The Sitka Assembly has formed a committee to draft a resolution which may call for a moratorium on herring fishing in Sitka Sound.
The move comes after the failure of this spring’s commercial sac roe fishery, which fell over 8,000 tons short of the expected harvest level.
The idea of a commercial fishing moratorium has been around for a long time, backed primarily by the Sitka Tribe and other subsistence users concerned over declines in the local harvest of herring eggs.
Assembly member Aaron Bean has commercially fished for other species around Sitka, and is now actively running a charter boat, but he identifies as a herring subsistence harvester. He proposed drafting a resolution asking the Alaska Board of Fisheries to impose a moratorium on the commercial sac roe fishery until it reclassifies herring as a “forage fish” under state law, and adopts an ecosystem-based management tool, as opposed to what he called the “single species maximum sustained yield model.”
Clearly, herring management is complicated. The Board of Fish spent nearly a week in January deliberating dozens of proposals for changes to the Sitka fishery. Several in the assembly audience thought Sitka’s local government was overstepping its bounds.
This is Wayne Unger, plant manager for Silver Bay Seafoods.
“I don’t think this is the proper forum for this. I think Fish & Game works hard. I think they’re professionals. I think their biologists have a lot of good staff. And I think this is an insult to them.”
One of those biologists is Eric Coonradt, who runs the sac roe fishery in Sitka. He could barely contain his frustration over the information in front of the assembly, and the prospect of local political involvement in what is already an incredibly difficult job.
“This document is full of false information. And if this document is your sole source of information regarding the commercial sac roe fishery and how ADF&G assesses and manages this resource, then you’re being misinformed.”
ADF&G generates large amounts of data to support the harvest levels it sets for herring seiners in Sitka Sound — which it presents in a public, pre-season meeting in early March. But in this ocean of information, not everything floats to the surface. Permit holders and processors met privately and agreed in advance that this spring’s fishery would be a co-op — or non-competitive. Sitka Sound Seafoods manager Tim Ryan told the assembly that what appeared to be a harvest shortfall was actually just business.
“The industry knew going into this fishery that only 40-percent of the biomass that was anticipated to be harvested was going to be marketable. So even though we had an 11,000-ton quota, we knew that the maximum we probably would harvest would be 4,500 tons. We knew this going in.”
Nevertheless, there was pushback from others advancing an argument that this year’s fishery appeared to demonstrate: The department’s scientific model isn’t reliable, herring are in decline, and the stocks are at risk of collapse. Although several members of the public voiced opinions on this theme, the strongest remarks came from the table, when assembly member Ben Miyasato broke from his more reserved demeanor and explained why herring might actually be a political problem.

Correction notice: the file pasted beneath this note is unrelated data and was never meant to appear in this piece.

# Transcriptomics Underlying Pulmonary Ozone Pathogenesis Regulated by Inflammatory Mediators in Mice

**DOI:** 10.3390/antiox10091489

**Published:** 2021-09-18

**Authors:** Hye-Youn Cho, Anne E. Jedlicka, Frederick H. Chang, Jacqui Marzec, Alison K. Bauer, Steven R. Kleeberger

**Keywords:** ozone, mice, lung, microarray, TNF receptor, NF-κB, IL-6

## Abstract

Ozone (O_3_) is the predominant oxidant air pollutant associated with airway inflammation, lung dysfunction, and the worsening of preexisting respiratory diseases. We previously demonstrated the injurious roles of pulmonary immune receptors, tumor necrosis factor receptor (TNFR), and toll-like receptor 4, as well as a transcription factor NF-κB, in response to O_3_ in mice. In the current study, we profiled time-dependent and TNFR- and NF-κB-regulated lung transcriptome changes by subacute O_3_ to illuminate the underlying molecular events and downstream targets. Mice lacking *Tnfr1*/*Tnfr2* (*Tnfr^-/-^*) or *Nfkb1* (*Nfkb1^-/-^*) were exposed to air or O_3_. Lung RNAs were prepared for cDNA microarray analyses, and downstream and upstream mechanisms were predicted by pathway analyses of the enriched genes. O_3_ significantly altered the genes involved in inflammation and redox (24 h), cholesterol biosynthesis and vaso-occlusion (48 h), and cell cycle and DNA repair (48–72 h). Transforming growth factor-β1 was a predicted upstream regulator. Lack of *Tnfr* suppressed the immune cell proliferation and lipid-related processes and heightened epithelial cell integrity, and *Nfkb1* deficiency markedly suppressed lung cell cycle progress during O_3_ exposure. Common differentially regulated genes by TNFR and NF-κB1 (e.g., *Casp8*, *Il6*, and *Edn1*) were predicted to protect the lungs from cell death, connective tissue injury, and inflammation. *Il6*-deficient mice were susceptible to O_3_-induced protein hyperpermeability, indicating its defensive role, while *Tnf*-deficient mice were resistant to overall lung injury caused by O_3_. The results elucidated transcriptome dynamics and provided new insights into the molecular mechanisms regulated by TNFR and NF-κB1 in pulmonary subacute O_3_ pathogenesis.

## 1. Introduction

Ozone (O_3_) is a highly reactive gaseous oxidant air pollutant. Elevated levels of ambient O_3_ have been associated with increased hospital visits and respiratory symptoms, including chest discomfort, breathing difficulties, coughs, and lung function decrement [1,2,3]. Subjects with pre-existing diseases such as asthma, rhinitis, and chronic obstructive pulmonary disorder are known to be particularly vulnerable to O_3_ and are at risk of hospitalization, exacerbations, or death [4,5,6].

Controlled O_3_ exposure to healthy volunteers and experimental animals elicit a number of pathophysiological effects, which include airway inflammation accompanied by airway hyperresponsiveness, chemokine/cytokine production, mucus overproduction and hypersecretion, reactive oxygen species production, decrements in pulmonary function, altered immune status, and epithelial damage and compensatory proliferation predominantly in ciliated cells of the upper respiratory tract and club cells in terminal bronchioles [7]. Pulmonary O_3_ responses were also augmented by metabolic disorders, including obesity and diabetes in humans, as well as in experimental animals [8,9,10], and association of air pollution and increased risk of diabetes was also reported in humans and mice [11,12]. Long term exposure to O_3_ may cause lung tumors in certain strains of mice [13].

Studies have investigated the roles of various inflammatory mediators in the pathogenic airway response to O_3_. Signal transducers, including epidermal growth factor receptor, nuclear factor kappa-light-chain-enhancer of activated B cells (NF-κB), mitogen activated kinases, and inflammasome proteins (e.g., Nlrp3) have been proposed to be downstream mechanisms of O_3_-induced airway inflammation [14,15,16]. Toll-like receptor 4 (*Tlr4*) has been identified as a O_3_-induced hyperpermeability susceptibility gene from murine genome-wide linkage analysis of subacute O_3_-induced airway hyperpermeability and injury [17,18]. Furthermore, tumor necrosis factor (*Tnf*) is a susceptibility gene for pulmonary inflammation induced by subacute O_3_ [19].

“Think about it people. Think about the track record of where the fishery used to be. We are the last one (commercial sac roe fishery) in Southeast Alaska. How much longer this is going to go on? That’s a very good question. To say nothing is to be complicit. To say nothing is to say I am fine with this disappearing. I am not.”
Miyasato, however, was willing to allow the moratorium sponsors more time to create resolution that could actually pass, as it was clear to all members that simply demanding a moratorium would be ineffective at best, and polarizing at worst. As important as the traditional subsistence harvest is to Sitka, the economic stakes of the commercial fishery are huge.
Mayor Matt Hunter didn’t want the assembly to put the interests of one user group ahead of another. He thought the resolution should be carefully crafted.
“I am ready to say something forceful to Fish & Game that says basically, Look at this closely, the City of Sitka is concerned. I don’t think there’s a person in this room who isn’t concerned. If there is someone who isn’t concerned, they don’t know what’s going on. Because everyone from our processors to our subsistence users and our fishermen have seen a disaster this year.”
Hunter called for the creation of a committee to pull together stakeholders and draft an informed, well-researched resolution that would reflect a broader consensus than a simple demand for a moratorium.
The resolution’s principal sponsor, Aaron Bean told fellow assembly members that he was fully aware that the body was not going to “slam down the gavel and end the (commercial) fishery.” He only wanted to win a “forage fish” designation for herring — before it was too late.
“When I look my children in the eye to say that, You know what guys? I did the best that I could, and here’s the evidence of that. I didn’t sit on my hands. I didn’t turn around and not pay attention as the resource was depleted and destroyed by the hands of just a few people — which is unfortunate. Let’s be honest, here. Herring are a forage fish. Everything in the ocean eats them. The (Fish & Game harvest) model does not provide for that. So, it’s not a big ask.”
Bean, along with fellow assembly members Richard Wein and Bob Potrzuski were appointed to the committee. They said they hoped to bring as many people to the table as possible to forge a consensus. “This is not allocative,” said Bean. “The idea is to get the forage fish designation.”